Background and Objectives
Neutrophil to lymphocyte ratio (NLR) as calculated from the white cell differential blood count is considered a promising marker for the prognosis of patients with various diseases, including sepsis. This study was designed to assess the possible use of neutrophil-to-lymphocyte ratio in the prediction of survival outcomes in patients with community acquired pneumonia (CAP). A secondary objective was to compare the prognostic accuracy of NLR with the commonly used severity scores of sepsis SOFA, APACHE II and SAPS II.
This was a retrospective study based on data extracted from 26 patients suffering from acute CAP. The study period was from February 01, 2017 until April 30, 2017. All patients with CAP were presented in the Emergency Department (ED) of the University Hospital of Patras, Greece and were treated after admission in the Internal Medicine Department. The neutrophil-to-lymphocyte ratio (NLR) was calculated from the white blood cell count (WBC) values measured from a peripheral venous blood specimen drawn on admission. It was then compared with C-reactive protein (CRP) serum levels and the sepsis calculated prognostic scores APACHE II, SAPS II and SOFA. The impact of the above parameters was evaluated in relation to the final outcome.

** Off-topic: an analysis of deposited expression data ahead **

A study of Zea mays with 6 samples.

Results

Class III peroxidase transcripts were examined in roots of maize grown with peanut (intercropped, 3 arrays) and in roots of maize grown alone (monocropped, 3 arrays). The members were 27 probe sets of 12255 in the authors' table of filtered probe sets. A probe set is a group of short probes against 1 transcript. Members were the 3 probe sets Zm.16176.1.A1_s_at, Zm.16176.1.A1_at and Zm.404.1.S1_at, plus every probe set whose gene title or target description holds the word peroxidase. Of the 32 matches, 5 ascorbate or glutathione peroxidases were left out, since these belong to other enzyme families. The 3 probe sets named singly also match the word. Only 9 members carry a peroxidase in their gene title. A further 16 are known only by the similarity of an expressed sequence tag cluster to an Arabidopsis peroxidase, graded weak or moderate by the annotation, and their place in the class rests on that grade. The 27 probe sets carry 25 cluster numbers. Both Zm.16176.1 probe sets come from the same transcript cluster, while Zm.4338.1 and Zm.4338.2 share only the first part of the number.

The mean period of hospitalization for the enrolled patients was 9.3 days (SD 5.8 days). Twenty-four patients (92.3%) got finally discharged from the hospital and two (7.7%) died during the hospitalization. Mean NLR and serum CRP values on admission were 10.2 ± 8.8 (min 1.4; max 34.7) and 11.4 ± 11 mg/dL (min 0.4; max 42.6) respectively. Based on the correlation analysis, serum CRP was more strongly positively correlated with NLR (r = 0.543, P = 0.004), than total WBC (r = 0.454, P = 0.02). None of the biomarkers of inflammation measured or computed in the study (CRP, WBC, NLR) showed any correlation with either the days of hospitalization or the sepsis prognostic scores.
NLR shows a statistical significant correlation to the commonly used inflammatory markers CRP and total WBC in the small sample size of patients with CAP that we assessed. Although NLR is a simple, cheap and rapidly available measurement in the ED, future, larger prospective studies are warranted to confirm its possible value as a prognostic index in sepsis patients with CAP.